Should’ve known there was going to be problems after our NAUI scuba instructor told the class that he would dive on Saturday despite starting a second round of antibiotics for a middle ear infection. When the class met up at Devil’s Den near Williston, Florida there were four new faces; turns out they were holdovers from earlier classes who randomly bolted to the surface. Yours truly was probably the only one old enough to remember where he was when President Kennedy was assassinated.
It was a typical late summers’ day in Williston, about 101 degrees in the shade with a forecast for severe thunderstorms and possible hale. Trouble soon began as one student trying to get his foot through the leg of his dry wetsuit staggered across the concrete deck into another man with a fully charged air tank strapped to his back. I suddenly remembered from class that scuba air tanks contain 80 cubic feet of air under 3,000 pounds per-square-inch of pressure. Fortunately, the man wearing his tank was a veteran dive instructor with another class who weighed about 300 pounds and bore a striking physical resemblance to Arnold Schwarzenegger; he steadied the stumbler without budging an inch while casually continuing his conversation with another diver. Yours truly, fit for 64 mind you, had little problem suiting up until I was unable to grasp my wetsuit’s zipper, which for some inexplicable reason is located between the shoulder blades. I finally asked a twenty-something year old woman standing nearby to ‘zip me up’ which seemed awkward.
Soon, our instructor, the Mike Nelson of NAUI, paired me with a nice lady I guessed to be around 60 – one of the aforementioned surface-breaching holdovers. After standing in the Florida Sun for an hour-long spiel by the instructor and his assistant, wherein he warned us that It only takes a thimble full of water to drown a human being, the dry wet suit had raised my body temperature by maybe 20 or 30 degrees. Mercifully we finally submerged in the relatively small pool where the water was much cooler, or about 95 degrees. Despite all discomforts, I was determined to earn my open water diver certification even if it killed me, which no longer seemed such a remote possibility.
The sweet lady that was my dive buddy would probably make a wonderful diver if breathing underwater did not trigger extreme anxiety punctuated by episodes of claustrophobic responses. Panic was not apparent behind her mask at first because someone who could not properly adjust their buoyancy vest kept kicking my facemask off with a fin. By the time my mask was cleared my diving buddy was bolting for the surface with our NAUI instructor in close pursuit. The rest of us waited patiently at the bottom of the overheated pool, occasionally giving each other the “I’m okay,” or, at least not drowned yet, hand signal. My now former diving buddy was permanently grounded but her companion, not about to waste the certification fee, waded into the pool after donning her gear, which took about another half hour.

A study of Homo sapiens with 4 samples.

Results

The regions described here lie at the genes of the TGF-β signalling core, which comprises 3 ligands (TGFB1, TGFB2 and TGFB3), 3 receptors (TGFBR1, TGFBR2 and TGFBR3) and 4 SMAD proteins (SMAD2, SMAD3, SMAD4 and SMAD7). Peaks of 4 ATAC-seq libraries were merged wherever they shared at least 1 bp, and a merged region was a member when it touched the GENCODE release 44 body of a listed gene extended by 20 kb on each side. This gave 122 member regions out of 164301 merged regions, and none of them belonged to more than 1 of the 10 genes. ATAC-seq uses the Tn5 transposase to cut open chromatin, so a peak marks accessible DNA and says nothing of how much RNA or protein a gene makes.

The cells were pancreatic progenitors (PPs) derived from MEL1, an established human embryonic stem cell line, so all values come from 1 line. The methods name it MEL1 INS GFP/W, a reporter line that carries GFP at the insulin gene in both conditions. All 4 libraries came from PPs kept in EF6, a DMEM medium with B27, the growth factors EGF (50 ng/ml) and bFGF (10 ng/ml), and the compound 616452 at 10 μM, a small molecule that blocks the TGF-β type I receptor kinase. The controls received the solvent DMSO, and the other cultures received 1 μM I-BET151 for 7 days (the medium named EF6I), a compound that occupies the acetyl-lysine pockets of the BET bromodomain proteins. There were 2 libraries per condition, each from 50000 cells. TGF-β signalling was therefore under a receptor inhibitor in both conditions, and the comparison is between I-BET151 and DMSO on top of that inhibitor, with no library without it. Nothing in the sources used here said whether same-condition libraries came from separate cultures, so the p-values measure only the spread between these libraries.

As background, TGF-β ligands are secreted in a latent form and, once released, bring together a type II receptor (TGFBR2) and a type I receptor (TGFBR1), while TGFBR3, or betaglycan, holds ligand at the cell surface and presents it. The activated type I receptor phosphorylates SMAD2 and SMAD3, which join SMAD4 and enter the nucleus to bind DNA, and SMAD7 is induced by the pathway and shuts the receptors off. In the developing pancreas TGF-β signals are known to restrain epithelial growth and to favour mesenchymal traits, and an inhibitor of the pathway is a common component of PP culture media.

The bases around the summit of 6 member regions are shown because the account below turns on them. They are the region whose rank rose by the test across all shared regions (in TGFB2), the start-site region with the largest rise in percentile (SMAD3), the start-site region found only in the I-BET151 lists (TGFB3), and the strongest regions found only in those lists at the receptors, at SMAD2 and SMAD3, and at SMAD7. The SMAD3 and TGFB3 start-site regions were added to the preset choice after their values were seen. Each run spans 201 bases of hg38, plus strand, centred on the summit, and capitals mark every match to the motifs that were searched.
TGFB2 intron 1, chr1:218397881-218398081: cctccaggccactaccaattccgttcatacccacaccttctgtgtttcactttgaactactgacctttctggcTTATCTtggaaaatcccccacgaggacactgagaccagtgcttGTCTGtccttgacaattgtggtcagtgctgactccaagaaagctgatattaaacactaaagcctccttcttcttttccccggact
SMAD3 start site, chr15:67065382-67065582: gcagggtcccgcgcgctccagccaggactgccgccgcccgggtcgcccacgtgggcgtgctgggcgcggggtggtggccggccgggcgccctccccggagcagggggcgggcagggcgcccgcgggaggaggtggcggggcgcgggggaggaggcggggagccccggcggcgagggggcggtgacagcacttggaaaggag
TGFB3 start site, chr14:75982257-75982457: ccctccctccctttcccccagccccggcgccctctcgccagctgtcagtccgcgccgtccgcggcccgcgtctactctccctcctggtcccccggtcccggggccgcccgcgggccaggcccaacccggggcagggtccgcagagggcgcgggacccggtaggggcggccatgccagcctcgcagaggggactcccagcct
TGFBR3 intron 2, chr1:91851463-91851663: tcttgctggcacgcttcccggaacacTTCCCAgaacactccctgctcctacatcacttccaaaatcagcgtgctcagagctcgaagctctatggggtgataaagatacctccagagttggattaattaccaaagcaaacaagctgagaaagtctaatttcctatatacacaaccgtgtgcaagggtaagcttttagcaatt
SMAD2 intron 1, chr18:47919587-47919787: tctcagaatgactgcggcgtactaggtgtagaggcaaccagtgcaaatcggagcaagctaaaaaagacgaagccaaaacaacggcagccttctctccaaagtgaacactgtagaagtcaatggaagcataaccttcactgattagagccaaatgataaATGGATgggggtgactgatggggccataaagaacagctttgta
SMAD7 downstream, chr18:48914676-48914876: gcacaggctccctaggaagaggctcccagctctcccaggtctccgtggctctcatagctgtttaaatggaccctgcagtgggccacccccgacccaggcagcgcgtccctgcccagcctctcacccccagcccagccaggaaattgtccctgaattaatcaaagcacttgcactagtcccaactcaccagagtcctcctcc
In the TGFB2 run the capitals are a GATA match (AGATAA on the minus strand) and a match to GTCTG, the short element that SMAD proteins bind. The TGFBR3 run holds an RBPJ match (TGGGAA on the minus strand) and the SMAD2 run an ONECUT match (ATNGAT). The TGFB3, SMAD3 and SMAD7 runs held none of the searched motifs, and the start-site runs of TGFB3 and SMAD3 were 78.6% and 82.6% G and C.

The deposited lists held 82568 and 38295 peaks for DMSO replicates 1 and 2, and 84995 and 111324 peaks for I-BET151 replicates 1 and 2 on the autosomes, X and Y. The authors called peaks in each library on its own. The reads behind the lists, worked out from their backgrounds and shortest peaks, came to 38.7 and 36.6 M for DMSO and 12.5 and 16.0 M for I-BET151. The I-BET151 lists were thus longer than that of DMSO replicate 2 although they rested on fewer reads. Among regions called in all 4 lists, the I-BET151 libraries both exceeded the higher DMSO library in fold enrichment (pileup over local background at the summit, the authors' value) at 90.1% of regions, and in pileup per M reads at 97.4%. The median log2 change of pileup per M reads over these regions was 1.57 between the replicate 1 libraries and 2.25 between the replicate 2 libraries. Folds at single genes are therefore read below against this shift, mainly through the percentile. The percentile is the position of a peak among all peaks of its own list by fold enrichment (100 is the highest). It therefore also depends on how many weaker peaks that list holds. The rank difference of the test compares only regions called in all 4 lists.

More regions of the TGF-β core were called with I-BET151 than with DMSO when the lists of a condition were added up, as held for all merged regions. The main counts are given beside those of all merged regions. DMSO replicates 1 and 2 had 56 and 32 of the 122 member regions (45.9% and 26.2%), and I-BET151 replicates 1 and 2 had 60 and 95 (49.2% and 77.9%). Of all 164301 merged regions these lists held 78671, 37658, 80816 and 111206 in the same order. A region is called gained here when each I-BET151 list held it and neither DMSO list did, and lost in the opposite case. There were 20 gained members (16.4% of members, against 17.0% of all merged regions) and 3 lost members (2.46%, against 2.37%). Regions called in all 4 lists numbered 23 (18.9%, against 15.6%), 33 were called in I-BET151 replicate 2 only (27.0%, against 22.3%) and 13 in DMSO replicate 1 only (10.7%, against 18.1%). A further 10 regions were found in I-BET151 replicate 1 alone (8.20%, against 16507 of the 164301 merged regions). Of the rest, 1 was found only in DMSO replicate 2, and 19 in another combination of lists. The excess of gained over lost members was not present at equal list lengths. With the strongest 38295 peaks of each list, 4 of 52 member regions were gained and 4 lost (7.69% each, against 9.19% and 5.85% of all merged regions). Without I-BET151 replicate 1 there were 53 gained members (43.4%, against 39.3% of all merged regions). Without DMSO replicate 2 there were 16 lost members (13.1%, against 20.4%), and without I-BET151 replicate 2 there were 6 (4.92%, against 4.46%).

Finally gathered at the bottom of the pool, our 12-member dive class quickly devolved into an underwater version of Cirque du Soleil that included enough misunderstood hand signals to give me a keen new appreciation for people who use signing to communicate. It would have been funny if I wasn’t so afraid of swallowing a thimble of water the wrong way. Several students were unable to use their bouyancy vests to “hover in place” without thrashing wildly, and at one point my newest dive buddy failed to understand that “cutting” or “chopping” the throat with a flat hand signaled, for classroom purposes, one was out of air. Instead of grabbing my vest and offering his second-stage breather, he took my extra air hose, cleared it nicely, and began breathing from my tank. Making matters worse, After giving him a thumbs down, he peered with bewilderment at the pool’s bottom before looking up and shrugging, which is the universal gesture for “Huh?” My bad.
After an extremely hot poolside debriefing in full gear the group made its way to Devil’s Den, a 30-feet deep air cave that descends underwater for another 50 or so feet. The underwater spring is located about a hundred yards from the pool area which meant our wetsuits once again turned into hotsuits and our body temperatures soared back into triple digits. That’s when my air tank – as noted earlier, under about 3000 pounds of pressure per square inch – slipped through its buckled binding. Fortunately for the entire group and immediate neighborhood the assistant dive instructor caught it and yanked it up, which was fine except he gave me a heck of a wetsuit wedgie.
Steam rise from the wetsuits of several divers as they entered the cold spring, and the constantly 73-degree water felt wonderful. A father-and-son team swam in front of me as our class descended to 35 feet. Soon people were swimming away from the pack with the assistant instructor chasing them down one at a time like a nurse shark. A 14-year-old boy who was certifying with his Dad was in front of me and someone told me to keep and eye on him, which was humbling in view of the fact that my loose air tank might have blown the whole place up. However, as the attached video from my GoPro reveals, the kid did quite well, and all who made it to the spring survived to dive another day.